VxLAN Routing Centralized Gateway


A gateway is a device that ensures communication between VXLANs identified by different VNIs and between VXLANs and non-VXLANs. With the centralized gateway routing Layer 3 gateways are configured on one device, usually on Spine layer. It is the easiest way of deploying gateways but it has some disadvantages;

  • There will be a lot of ARP entries at the Spine Layer
  • Forwarding path is not optimal. VMs in the same Leaf switch with different subnets will be able to communicate through the Spine.

According to topology, VM1 ad VM2 has gateways defined at the Spine layer. That means all traffic should traverse the Spine.

VTEP 1 and VTEP 2 will act as a Layer 2 gateway. They will encapsulate traffic into VxLAN tunnel and send to the gateway. (Assumption is Vlan 10 in VTEP1 is mapped to VNI 29810, and Vlan 10 in VTEP2 is mapped to VNI 29820. You can see that Vlans doesn’t have global meaning, they are locally significant.)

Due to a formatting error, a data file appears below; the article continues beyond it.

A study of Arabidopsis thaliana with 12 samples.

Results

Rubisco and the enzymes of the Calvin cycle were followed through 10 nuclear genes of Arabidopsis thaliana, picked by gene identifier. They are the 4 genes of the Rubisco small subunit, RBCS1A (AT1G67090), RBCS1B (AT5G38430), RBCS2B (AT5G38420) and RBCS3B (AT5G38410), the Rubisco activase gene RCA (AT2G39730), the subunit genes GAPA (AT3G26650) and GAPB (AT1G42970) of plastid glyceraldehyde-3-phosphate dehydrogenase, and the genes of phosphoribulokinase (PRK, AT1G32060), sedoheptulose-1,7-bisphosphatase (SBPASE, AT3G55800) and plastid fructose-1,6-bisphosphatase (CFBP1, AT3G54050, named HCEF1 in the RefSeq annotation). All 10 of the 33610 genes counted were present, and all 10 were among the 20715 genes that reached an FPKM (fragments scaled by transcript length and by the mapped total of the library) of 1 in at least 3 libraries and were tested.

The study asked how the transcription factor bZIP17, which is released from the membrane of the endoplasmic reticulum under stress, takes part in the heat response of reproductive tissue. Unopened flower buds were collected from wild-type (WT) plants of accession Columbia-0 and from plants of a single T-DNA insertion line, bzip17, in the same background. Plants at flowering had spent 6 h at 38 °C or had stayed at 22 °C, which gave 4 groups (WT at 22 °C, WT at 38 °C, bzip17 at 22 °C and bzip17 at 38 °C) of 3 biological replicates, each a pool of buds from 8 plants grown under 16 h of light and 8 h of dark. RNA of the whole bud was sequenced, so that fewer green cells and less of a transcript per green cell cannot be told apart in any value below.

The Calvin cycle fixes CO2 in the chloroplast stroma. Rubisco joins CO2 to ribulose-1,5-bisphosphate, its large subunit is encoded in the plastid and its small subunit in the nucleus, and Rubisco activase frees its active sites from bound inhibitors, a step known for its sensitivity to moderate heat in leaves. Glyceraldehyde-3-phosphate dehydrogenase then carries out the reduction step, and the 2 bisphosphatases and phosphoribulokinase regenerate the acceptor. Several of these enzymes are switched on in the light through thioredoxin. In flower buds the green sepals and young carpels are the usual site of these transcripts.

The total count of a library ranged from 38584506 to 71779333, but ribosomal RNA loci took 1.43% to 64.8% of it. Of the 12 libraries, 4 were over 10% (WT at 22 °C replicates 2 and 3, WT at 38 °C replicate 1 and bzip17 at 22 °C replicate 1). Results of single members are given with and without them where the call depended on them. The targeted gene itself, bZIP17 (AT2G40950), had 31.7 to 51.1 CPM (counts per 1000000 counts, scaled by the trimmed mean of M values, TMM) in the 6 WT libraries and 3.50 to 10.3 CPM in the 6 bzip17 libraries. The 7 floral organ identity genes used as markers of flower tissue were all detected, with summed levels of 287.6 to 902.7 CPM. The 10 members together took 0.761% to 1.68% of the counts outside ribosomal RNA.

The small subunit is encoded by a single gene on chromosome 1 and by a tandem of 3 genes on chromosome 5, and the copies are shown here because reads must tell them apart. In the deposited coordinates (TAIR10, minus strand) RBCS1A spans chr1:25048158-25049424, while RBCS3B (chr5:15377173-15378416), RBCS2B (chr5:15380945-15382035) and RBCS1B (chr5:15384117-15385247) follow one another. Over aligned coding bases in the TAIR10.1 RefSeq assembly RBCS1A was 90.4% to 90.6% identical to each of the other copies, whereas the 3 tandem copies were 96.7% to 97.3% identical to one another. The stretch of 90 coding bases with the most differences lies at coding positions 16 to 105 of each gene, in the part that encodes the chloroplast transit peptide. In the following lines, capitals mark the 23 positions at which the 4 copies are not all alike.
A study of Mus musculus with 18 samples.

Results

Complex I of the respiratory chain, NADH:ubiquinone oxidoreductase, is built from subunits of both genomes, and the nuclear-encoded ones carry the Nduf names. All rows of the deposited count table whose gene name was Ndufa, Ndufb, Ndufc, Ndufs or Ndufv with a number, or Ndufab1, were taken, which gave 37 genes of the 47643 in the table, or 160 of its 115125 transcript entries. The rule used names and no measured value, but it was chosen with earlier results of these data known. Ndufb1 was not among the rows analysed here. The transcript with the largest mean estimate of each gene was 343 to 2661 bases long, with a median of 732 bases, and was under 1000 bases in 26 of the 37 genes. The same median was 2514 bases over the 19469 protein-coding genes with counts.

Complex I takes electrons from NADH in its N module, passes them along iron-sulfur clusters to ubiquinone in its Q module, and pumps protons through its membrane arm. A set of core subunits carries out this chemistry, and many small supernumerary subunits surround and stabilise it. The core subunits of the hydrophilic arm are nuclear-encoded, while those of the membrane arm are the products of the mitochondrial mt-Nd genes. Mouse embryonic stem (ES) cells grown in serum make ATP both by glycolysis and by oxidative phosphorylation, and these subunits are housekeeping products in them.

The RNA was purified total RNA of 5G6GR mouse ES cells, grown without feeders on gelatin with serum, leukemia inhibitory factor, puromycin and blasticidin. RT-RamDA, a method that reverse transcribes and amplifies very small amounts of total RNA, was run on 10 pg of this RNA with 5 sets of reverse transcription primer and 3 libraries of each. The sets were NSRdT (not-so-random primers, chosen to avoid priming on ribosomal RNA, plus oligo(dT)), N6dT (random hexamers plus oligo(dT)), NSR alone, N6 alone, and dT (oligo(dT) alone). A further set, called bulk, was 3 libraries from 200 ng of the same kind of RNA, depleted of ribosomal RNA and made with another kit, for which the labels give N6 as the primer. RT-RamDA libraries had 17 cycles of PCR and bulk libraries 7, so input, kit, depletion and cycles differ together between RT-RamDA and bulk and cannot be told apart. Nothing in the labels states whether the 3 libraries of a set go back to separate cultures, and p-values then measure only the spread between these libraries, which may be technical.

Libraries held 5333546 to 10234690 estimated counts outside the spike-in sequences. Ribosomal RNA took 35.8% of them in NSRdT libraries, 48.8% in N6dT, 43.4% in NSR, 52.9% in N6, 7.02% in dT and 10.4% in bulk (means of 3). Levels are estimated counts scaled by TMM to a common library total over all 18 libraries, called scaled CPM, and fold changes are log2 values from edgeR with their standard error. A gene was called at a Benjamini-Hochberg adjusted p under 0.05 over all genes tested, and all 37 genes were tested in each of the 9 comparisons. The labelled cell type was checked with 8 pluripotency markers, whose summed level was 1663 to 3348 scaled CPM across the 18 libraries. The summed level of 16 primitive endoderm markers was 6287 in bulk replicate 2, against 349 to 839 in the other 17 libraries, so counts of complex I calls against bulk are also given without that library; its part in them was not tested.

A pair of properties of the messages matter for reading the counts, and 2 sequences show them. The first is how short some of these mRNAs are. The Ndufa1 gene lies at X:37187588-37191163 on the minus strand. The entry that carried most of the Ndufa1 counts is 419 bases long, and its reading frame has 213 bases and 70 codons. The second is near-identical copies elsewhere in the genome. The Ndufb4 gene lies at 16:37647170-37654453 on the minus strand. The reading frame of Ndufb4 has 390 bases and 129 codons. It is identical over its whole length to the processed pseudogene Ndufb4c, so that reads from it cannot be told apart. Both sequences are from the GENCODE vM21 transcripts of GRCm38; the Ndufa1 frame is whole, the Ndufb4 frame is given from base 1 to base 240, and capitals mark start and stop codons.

Arp Request from VM1 and VM2 will be sent to Spine via VxLAN tunnel. Central gateway will do de-capsulation, route packet according to inner ip header. According to routing result packets will be steered in to the related VxLAN Tunnel.

Step by step explanation of routing between 2 different VNIs;

  • VM1 sends the packet to VM2.

  • VTEP 1 encapsulates this packet into VxLAN header. Destination VTEP is which is the central gateway.

  • After the de-capsulation of the packet, central gateway make routing lookup and sees that it should be send from SVI which has an ip address of and VNI of 29820. Packet is encapsulated into new VxLAN header, source VTEP is the Spine and the destination VTEP is the VTEP 2. (Source and destination mac address of user packet is also updated)

  • Finally the packet will be de-capsulated and send to the VM2

Best practice for VxLAN routing and bridging is doing it with EVPN control plane. In this example I just gave the simple encapsulation and de-capsulation example.